When the REAL ID Act passed in 2005, Senator Joe Lieberman (D-CT), no civil libertarian, called the national ID law “unworkable” for good reason. It seeks to herd all Americans into a national ID system by coercing states into issuing drivers licenses (and sharing information about their drivers) according to complex federal standards.
The hook REAL ID uses in seeking to dragoon states into compliance is the threat that TSA agents will refuse IDs from non-complying states at our nation’s airports. The threat is an empty one. Consistently over years, every time a DHS-created compliance deadline has come around, state leaders with spines have backed the Department of Homeland Security down. I detailed the years-long saga of pushed-back deadlines last year in the Cato Policy Analysis, “REAL ID: A State-by-State Update.”
DHS has stopped publishing deadline changes in the Federal Register–perhaps the endless retreats were getting embarrassing–and now it has simply said on its website that TSA enforcement will begin sometime in 2016. But it’s evidently back-channeling threats to state officials. Those folks–unaware that REAL ID doesn’t work, and disinterested in the allocation of state and federal power–are lobbying their state legislatures to get on board with the national ID program.
New Hampshire is one state where this has occurred. Worries about New Hampshirites ability to travel by air recently caused the Department of Public Safety (which houses New Hampshire’ motor vehicle bureau) to seek legislation that would move the state toward REAL ID compliance.
New Hampshire is special because it’s where the first volley in the REAL ID rebellion was thrown. In 2006, after a bill to reject REAL ID got a head of steam in New Hampshire, states across the country rejected the national ID law.
In testimony I delivered to the New Hampshire Senate Transportation Committee yesterday, I detailed this history, telling the story of how DHS has repeatedly backed off its threat to inconvenience travelers when states have rejected this unfunded federal surveillance mandate. The circumstances today are unchanged: If the TSA starts refusing IDs, the TSA, the DHS, and their supporters in Congress will take the blame. The DHS knows this, which is why they always back down before push comes to shove. States should have no fear of TSA interfering with their residents’ travels because of REAL ID.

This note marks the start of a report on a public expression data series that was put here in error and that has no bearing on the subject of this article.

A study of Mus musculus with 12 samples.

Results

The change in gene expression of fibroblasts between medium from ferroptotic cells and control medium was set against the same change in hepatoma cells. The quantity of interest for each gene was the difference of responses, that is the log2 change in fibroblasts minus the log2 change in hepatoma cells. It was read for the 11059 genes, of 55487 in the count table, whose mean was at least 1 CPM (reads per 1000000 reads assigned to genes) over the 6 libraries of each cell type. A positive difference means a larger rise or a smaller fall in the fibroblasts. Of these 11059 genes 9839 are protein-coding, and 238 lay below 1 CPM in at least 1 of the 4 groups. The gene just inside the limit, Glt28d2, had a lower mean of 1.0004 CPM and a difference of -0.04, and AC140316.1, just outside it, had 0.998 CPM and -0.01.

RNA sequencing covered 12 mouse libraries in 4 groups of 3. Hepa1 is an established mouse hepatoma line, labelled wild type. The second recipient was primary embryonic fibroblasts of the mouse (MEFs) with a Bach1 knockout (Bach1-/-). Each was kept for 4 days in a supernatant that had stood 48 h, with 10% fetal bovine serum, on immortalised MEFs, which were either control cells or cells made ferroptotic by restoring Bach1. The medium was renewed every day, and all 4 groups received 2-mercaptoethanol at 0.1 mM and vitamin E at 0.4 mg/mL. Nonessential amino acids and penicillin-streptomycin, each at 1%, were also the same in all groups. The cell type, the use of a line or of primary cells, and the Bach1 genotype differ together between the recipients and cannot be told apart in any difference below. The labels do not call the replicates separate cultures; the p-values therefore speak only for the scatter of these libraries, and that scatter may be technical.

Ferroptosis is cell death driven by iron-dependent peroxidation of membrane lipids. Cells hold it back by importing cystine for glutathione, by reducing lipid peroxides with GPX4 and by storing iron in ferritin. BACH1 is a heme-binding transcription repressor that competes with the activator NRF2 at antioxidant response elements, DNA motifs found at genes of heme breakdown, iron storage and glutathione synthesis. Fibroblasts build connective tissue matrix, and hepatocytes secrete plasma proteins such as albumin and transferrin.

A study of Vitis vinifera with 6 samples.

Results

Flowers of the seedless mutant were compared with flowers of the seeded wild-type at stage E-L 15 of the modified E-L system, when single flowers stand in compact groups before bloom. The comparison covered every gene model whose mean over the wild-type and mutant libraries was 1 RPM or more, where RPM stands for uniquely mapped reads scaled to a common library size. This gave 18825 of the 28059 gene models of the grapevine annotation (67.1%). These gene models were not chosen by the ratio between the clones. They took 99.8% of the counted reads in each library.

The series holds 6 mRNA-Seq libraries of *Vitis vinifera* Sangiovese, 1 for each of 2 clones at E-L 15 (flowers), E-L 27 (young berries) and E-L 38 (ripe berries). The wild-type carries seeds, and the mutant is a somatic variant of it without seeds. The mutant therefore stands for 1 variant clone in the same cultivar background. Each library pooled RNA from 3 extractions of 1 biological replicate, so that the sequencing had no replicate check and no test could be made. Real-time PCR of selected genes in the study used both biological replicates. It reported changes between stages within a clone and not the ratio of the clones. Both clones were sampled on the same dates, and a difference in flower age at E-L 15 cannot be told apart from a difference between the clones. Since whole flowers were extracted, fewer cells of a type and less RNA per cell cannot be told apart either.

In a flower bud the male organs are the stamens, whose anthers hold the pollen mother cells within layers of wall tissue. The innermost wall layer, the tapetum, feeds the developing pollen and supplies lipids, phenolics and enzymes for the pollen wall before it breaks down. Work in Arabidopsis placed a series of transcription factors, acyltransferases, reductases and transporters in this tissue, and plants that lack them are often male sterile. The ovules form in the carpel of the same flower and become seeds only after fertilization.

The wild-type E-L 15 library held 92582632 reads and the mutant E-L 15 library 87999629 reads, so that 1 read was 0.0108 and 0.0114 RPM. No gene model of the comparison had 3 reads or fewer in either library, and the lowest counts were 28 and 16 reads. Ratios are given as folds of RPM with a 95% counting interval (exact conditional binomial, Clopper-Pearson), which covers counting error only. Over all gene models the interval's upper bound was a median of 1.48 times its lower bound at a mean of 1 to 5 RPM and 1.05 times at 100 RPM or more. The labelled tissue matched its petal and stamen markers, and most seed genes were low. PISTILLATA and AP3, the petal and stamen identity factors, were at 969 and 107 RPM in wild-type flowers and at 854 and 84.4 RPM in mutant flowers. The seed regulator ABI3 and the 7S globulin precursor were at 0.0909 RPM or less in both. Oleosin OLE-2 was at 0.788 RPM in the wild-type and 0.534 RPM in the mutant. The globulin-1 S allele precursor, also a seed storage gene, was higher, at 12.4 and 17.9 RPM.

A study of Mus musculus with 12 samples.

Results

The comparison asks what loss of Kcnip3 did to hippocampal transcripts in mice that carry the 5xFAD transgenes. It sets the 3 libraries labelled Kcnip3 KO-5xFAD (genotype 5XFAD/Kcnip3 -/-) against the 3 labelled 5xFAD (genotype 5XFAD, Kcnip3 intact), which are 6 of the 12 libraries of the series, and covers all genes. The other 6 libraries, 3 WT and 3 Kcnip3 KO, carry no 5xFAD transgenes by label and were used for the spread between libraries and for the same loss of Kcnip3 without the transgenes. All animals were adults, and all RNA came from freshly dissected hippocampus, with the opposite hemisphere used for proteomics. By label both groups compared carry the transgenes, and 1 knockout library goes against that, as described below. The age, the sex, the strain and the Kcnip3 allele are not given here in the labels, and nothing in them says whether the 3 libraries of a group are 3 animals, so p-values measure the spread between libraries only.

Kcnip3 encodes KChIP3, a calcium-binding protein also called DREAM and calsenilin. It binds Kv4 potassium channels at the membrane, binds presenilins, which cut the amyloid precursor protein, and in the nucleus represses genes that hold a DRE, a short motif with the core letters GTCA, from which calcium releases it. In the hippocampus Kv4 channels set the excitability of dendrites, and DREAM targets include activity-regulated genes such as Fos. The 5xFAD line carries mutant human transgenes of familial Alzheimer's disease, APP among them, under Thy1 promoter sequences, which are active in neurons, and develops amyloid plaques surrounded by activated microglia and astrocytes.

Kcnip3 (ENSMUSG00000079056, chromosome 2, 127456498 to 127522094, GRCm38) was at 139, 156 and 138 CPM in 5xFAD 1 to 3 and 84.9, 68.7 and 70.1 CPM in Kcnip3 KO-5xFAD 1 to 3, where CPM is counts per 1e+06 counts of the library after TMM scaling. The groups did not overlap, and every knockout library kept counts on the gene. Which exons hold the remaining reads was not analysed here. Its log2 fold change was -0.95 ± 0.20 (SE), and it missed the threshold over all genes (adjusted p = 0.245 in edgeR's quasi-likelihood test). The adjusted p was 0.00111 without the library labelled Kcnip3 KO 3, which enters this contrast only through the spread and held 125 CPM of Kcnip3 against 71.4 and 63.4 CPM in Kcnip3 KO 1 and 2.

Rejecting REAL ID is good security, too. If the nation were to spend billions of dollars on REAL ID compliance, undercutting all our privacy and autonomy a little more by putting us into a national identity system, we’d get nothing remotely comparable in security gains. Proponents of this national ID program have never shown how it would provide cost-effective security.
My testimony may have helped. The strong presence of the New Hampshire Liberty Alliance showed the committee that this was not a business-as-usual bill. And I think really excellent, persuasive testimony from New Hampshire Civil Liberties Union Executive Director Devon Chafee carried the day. The committee voted unanimously to reject the REAL ID compliance bill. Once they knew that the DHS is brandishing empty threats to inconvenience travelers at TSA checkpoints, they ended their state’s brief flirtation with REAL ID compliance.
This is information legislators across the country need. A number of states could emulate New Hampshire’s rejection of REAL ID. There are still many places where legislators labor under the impression that REAL ID imposes obligations on them, including South Dakota, California (see also), New Mexico (see also), Hawaii (see also; see also; see also; see also), Idaho, Oklahoma (see also), Arizona (see also), Rhode Island (see also; but see), Illinois, Iowa, New York, and Florida.